Painting his part

Himalayan News Service


On February 11, Govinda Azad, a Nepali artist crusading the need for peace in the 21st century through his paintings left for Bangladesh. Bangladesh was the third country on his South Asian tour. After having toured the country, painted his impressions and held an exhibition, he has returned to Nepal.

“I wanted it to be an exchange exhibition,” states Azad. “I took 19 paintings with me of landscapes of Nepal and some surrealistic works. I painted 20 in Bangladesh.” The artist went through Chittagong, Cox Bazaar, St Martin’s Island, Sylhet, Sonar Gaon, Jaflang and more. As he travelled, he painted and soon had a collection.

“I would take walks and the culture and landscape is so rich. It is their theme and identity I think. I loved the Bangladeshi seaside, it is different,” he continues. Azad was enchanted with St Martin’s island, which can be covered in three hours by ship. “It is beautiful with lush palm trees and an inspiring quietness. The island is like a pearl in the midst of the clearest of blue waters,” he adds.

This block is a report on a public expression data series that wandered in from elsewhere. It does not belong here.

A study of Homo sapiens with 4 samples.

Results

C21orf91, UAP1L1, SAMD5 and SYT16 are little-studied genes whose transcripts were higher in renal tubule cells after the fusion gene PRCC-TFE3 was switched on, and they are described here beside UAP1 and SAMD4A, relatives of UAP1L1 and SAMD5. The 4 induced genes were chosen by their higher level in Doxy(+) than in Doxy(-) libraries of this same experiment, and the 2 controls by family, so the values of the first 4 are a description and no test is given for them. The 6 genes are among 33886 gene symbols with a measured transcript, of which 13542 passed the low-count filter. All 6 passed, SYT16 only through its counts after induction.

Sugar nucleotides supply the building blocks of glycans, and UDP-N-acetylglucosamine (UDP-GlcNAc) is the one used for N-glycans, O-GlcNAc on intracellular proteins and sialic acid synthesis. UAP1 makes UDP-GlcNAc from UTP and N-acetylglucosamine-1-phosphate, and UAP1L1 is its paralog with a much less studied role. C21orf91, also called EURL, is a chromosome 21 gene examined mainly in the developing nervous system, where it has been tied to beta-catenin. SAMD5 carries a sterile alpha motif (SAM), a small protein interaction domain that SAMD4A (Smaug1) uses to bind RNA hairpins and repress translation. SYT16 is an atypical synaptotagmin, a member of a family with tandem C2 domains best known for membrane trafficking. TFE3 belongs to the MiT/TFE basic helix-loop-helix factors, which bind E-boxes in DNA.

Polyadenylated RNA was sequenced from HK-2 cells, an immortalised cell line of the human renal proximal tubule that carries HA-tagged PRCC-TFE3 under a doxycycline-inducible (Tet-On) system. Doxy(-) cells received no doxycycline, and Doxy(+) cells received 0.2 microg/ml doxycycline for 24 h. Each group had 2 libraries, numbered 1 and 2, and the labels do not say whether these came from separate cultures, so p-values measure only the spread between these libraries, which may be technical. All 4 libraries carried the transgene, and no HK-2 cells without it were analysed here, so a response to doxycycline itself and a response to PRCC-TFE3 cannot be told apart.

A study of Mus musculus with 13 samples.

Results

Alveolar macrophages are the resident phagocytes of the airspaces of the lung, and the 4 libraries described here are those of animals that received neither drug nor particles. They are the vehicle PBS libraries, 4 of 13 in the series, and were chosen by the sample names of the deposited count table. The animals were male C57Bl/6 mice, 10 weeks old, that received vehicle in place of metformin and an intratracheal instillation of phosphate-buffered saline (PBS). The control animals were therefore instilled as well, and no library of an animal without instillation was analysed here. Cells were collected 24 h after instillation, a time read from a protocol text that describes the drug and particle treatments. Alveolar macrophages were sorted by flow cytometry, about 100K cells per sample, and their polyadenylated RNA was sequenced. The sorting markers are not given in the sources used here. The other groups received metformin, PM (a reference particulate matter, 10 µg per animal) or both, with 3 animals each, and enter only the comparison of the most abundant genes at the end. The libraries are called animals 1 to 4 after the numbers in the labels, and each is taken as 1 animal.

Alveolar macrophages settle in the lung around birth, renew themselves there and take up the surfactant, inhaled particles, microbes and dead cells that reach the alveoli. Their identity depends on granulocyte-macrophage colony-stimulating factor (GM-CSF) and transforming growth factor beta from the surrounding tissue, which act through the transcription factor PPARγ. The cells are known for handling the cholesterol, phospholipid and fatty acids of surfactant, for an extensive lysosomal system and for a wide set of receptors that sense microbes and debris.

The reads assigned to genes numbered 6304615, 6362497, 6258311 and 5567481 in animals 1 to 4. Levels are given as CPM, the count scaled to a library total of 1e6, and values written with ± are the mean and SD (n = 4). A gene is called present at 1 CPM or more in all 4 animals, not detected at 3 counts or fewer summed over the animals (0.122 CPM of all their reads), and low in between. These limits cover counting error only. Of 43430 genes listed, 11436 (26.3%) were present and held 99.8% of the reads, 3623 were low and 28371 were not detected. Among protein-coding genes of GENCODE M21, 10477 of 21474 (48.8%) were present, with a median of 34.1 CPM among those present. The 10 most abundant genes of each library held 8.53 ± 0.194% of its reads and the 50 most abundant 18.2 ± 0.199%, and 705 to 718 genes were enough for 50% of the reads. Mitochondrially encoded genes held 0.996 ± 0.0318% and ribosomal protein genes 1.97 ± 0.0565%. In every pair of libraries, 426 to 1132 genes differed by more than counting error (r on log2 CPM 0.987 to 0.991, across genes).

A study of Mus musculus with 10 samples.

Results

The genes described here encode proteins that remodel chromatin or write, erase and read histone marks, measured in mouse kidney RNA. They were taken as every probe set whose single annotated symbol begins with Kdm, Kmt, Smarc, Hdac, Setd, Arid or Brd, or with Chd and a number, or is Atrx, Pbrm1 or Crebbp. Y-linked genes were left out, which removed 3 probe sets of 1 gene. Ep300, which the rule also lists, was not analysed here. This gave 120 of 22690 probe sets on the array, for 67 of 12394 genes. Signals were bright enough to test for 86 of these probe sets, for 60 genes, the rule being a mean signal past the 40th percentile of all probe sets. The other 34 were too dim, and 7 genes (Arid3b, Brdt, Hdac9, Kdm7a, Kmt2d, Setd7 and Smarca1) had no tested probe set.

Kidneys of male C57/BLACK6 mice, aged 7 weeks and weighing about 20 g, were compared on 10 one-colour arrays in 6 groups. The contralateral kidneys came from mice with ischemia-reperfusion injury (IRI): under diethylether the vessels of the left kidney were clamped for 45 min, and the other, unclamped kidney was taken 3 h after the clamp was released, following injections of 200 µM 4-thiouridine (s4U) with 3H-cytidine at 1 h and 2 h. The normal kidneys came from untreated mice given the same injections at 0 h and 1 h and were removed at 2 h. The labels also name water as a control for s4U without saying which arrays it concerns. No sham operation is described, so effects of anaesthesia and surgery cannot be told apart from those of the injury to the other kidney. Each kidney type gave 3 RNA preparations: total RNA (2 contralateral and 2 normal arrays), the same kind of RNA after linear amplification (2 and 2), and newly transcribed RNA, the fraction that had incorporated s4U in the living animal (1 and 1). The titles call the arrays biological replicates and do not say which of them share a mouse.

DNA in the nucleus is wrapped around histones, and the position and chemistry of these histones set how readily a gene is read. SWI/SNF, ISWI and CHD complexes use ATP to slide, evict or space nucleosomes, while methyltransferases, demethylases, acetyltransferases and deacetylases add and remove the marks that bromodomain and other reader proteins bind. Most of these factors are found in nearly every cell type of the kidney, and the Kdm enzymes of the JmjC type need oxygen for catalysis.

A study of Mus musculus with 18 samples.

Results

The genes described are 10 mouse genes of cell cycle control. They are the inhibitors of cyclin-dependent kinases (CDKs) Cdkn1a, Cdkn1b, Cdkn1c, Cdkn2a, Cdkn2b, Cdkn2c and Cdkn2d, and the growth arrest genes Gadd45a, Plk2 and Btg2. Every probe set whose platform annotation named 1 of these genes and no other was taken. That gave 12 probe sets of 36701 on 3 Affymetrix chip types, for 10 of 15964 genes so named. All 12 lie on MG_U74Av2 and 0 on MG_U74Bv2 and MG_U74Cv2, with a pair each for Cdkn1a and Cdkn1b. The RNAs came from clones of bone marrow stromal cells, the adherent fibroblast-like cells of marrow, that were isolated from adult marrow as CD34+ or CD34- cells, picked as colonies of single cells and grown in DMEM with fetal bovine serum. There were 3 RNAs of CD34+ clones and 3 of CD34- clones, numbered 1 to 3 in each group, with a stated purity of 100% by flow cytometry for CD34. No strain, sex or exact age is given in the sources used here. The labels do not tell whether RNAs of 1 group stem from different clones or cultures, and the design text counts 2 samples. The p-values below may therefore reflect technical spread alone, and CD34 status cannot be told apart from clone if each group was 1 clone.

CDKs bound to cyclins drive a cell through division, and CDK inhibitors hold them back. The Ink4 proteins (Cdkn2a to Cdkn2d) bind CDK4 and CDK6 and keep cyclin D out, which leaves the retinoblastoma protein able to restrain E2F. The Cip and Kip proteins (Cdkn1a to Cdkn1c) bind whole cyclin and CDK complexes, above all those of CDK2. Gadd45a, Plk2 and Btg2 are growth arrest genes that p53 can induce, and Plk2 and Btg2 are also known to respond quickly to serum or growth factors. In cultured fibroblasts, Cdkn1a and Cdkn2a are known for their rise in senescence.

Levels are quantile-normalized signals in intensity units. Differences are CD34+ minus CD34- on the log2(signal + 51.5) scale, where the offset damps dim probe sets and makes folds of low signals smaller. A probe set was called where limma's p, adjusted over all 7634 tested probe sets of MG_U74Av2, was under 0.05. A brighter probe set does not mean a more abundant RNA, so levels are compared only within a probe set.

The young artists in Bangladesh showed much enthusiasm and interest in visiting Nepal for art exchange, says Azad. The Nepali students in Bangladesh also welcomed his efforts. Bangladesh has a very productive art scene and the young generation have a free, realistic and independent streak. The Dhaka Biennale is an international event that has put Bangladesh on the art map.

Bhagirath Basnet, the Nepali ambassador to Bangladesh on April 5, inaugurated Azad’s exhibition at the National Fine Arts Academy. The exhibition ended on April 9. Now, that he is back, Azad expresses his exhilaration at its success. By 2005, he plans to finish his painting journey through South Asia. But before he embarks on another conquest, he must make for Germany where the World Congress for Culture and Peace has invited him to share his experiences.